A man and a phone. Photo: Matti Pyykkö

Digital skills improve quality of life and employment opportunities

The City of Helsinki organises digital skills courses aimed at improving the employment opportunities and quality of life of the customers of the city’s employment services. The need for digital skills training emerged especially during the COVID-19 pandemic, as many services closed down completely or went online. However, not everyone in the city has access to digital services due to lack of skills or money. The Digital Working Life project was started in February 2022 to develop the digital skills of city residents.

“It is important for the City of Helsinki to support all the measures that help increase the likelihood of Helsinki residents finding employment. When people get jobs, well-being also increases. At the same time, we want to have a skilled workforce in the city for the needs of companies, and digital skills are a key factor in this,” says Annukka Sorjonen, Service Manager for Immigration and Employment Affairs at the City of Helsinki.

What is new is the fact that learning digital skills is now linked to the daily life of individuals. Participants can borrow a smartphone for the duration of the course, which they can take home to continue their studies outside the classroom.

“Past experience has shown that people quickly forget what they have learned if they have no device at home to practice and maintain their digital skills. Therefore, in order to ensure that the development of digital skills does not rely on the course alone, participants who successfully complete the course will receive a smartphone free of charge,” says Project Planner Anni Rolig.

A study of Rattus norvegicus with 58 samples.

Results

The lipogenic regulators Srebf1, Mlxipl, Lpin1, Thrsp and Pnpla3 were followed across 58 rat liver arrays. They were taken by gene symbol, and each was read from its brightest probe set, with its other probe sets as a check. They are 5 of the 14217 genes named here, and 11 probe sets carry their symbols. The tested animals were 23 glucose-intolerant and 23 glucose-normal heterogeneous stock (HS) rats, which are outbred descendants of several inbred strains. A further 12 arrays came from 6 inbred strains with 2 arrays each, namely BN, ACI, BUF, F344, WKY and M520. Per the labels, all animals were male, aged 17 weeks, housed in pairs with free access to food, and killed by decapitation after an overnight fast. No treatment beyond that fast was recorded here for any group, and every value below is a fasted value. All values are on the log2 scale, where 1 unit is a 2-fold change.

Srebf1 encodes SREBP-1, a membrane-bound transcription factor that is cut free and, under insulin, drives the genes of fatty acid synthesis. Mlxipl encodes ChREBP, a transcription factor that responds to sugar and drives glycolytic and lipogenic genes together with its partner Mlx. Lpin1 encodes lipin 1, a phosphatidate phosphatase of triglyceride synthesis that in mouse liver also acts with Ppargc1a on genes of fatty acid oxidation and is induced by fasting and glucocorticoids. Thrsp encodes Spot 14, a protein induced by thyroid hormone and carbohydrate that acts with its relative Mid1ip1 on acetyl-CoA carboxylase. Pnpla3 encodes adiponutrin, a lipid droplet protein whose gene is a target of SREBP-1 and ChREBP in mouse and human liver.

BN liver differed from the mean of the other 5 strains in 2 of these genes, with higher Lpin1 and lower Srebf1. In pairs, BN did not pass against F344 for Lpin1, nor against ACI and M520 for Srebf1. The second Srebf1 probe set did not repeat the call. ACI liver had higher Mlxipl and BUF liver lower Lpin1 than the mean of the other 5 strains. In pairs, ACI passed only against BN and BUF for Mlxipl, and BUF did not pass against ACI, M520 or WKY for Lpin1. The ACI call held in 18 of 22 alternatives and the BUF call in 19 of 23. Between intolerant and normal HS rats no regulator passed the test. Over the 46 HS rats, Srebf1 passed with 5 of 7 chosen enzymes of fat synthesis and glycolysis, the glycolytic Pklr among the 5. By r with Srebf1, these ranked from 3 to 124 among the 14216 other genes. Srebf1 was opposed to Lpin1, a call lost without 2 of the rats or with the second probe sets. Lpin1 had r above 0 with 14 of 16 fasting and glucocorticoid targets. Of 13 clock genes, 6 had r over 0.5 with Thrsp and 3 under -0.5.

Digital Working Life project organised in several languages

The Digital Working Life project has been developed by listening to the needs of customers. For this reason, courses are also organised in a targeted manner for those who do not yet speak Finnish or speak it poorly. The courses are taught in Finnish, Somali, Arabic and English. In addition, other teaching languages will be arranged as necessary. The project also takes into account the need for women-only services and organises women-only groups. For example, the first Somali-speaking group for women will start in July. Through these means, the project can better achieve its goal of improving the employment opportunities of participants. 

The personal employment experts of Helsinki Employment Services direct customers to the courses. Course participants will acquire the skills to fulfil the job search obligation and make notifications through the online service.

“We really want the course to be useful. We have also taken into consideration the job search obligations of the new service model. During the course, participants will learn the digital skills necessary for applying for a job – for example, how to send a job application by email and how to use the TE Services E-services,” Rolig says.

The Digital Working Life project is funded by the City of Helsinki and the European Social Fund. The project is carried out in 2022 and 2023 and funded as part of the European Union’s response to the COVID-19 pandemic.